Labor unions are monopolies, too, and other economic insights

I don’t write about economics very often any more, but I could not be more tired of reading the most hyperbolic nonsense about collective bargaining and Wisconsin. Some apparently believe that ending compulsory state recognition of a labor monopoly’s representation of workers is equivalent to what the Nazis did with labor unions, or some other off-the-wall analogy to fascism. Others might find this kind of comparison disturbing for other reasons, but I do because it is fact-free and if anything, backwards in its assertion of authoritarianism.

(The actual history of National Socialism and unions is at some variance with the claim of analogy but that’s another topic. Let’s stay off Hitler and talk about compulsion.)

Monopolies are products of compulsion, and mandated unions are exactly that, monopolies granted over labor. There are no alternatives to monopolies, by definition. They are forced options with no choice possible. Collective bargaining “rights” are not individual rights, they are restraints upon individual rights to be represented in labor agreements as one sees fit—i.e. to have a choice. Collective labor unions are no more deserving of rights than the fictive personhood of corporations, yet anti-corporate protestors are conditioned toward sympathy for the political mobilization of labor, though powerful union interests are no more “little-people” than corporations are.

In fact, unions shut out competition from other workers who do not wish to become members of their guild, and drive up costs to the consumers of their labor services—including the taxpayer for public employees—while they drive down impetus for quality. In other words, (forced) monopolies in labor have similar effects as (forced) monopolies in anything else. Historically, frequently-corrupt private-industry unions have declined and hamstrung those industries in which they have survived, while government-employee labor unions have benefited from additional legal status, and become powerful political tools for entitlement.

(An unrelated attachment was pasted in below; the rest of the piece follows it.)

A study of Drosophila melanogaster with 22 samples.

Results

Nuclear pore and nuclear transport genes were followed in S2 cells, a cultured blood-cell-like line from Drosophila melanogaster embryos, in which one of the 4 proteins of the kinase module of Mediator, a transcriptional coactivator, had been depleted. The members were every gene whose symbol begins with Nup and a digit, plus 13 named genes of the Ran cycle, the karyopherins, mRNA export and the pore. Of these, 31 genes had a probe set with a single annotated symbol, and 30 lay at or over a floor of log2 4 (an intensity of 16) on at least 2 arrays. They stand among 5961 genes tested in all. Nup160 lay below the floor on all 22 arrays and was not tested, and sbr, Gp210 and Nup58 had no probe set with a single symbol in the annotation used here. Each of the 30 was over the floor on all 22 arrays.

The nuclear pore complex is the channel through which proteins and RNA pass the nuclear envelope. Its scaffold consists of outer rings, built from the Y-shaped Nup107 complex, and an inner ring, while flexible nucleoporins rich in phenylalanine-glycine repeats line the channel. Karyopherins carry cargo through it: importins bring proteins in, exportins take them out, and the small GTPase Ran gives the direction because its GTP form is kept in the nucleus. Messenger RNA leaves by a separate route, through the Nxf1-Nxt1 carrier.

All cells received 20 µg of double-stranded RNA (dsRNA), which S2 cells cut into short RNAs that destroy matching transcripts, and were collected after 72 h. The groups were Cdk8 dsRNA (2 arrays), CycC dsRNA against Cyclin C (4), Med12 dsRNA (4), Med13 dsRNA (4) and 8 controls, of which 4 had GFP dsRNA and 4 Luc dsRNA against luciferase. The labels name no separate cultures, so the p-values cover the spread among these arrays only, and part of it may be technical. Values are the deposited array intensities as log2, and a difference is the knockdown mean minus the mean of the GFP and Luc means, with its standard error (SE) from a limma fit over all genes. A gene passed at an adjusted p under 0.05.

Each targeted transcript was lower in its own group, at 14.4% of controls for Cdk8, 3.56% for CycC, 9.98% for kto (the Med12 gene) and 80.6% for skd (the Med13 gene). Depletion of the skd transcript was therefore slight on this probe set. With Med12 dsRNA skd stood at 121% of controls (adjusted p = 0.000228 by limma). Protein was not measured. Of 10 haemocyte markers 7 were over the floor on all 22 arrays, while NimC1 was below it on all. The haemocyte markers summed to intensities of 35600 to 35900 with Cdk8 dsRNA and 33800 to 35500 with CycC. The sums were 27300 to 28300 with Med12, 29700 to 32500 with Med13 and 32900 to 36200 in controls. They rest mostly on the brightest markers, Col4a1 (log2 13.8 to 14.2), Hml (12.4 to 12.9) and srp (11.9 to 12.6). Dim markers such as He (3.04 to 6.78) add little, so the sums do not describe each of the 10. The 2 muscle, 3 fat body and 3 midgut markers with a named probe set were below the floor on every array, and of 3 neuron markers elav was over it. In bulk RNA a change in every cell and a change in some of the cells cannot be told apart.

Competition is good for an economy, and good for service and costs, a fact that I expect becomes more clear to the public in my home city of Philadelphia when SEPTA’s union renegotiates its contract than at any other time. Currently, many of the same people who are so irked by this union’s ability to “hold the city hostage” (as hyperbole puts it) by striking have recently been enthralled by the Wisconsin protests, just as if this noble fight were that of Egyptians against Mubarak. I imagine that similarly, it has been more likely to occur to those who live in Wisconsin and incur public costs there that unless they are public employees, it is not in their interests at all for these unions to have an easy time extracting more from the public at large.

That the Republicans act against public-sector unions for political gain, and because unions are pushed to vote Democratic, is obvious enough. That Democrats are equally self-interested is just as obvious. The self-interest of state employees who have reason to believe they will no longer be able to extract such high pay and benefits in the future is also quite transparent. This is all irrelevant to the good of the public at large, and their economic welfare, however.

Proper economics does not follow special interests of select groups, nor does it explicate only the present state of affairs; economics must lay bare the impact of policies on all the various interests of people over the course of time.

In economic terms, a freer market in labor is a broad net gain, as is a less consolidated political lobby of beholden public employees who will always support greater public expenditure, and always be a reliable vote for establishment policies (except those that curtail their own gain).

This particularly becomes clear when observed in the long run, and the impact falls on more than simple costs to the taxpayer. Contracts which might be more flexible become albatrosses driving enormous costs in many cities due to the clout of public employees, in changing economic times, while the politicians who negotiated them may be long gone. In the long run, just as industries no longer seasoned by competition can be expected to fail in both efficiency and quality, so will public organizations employing union labor whose jobs are practically guaranteed fail to serve the public as energetically, at a higher cost of operation due to inefficiency. Government is already composed of monopolies; monopolies on the labor employed intensify the problem.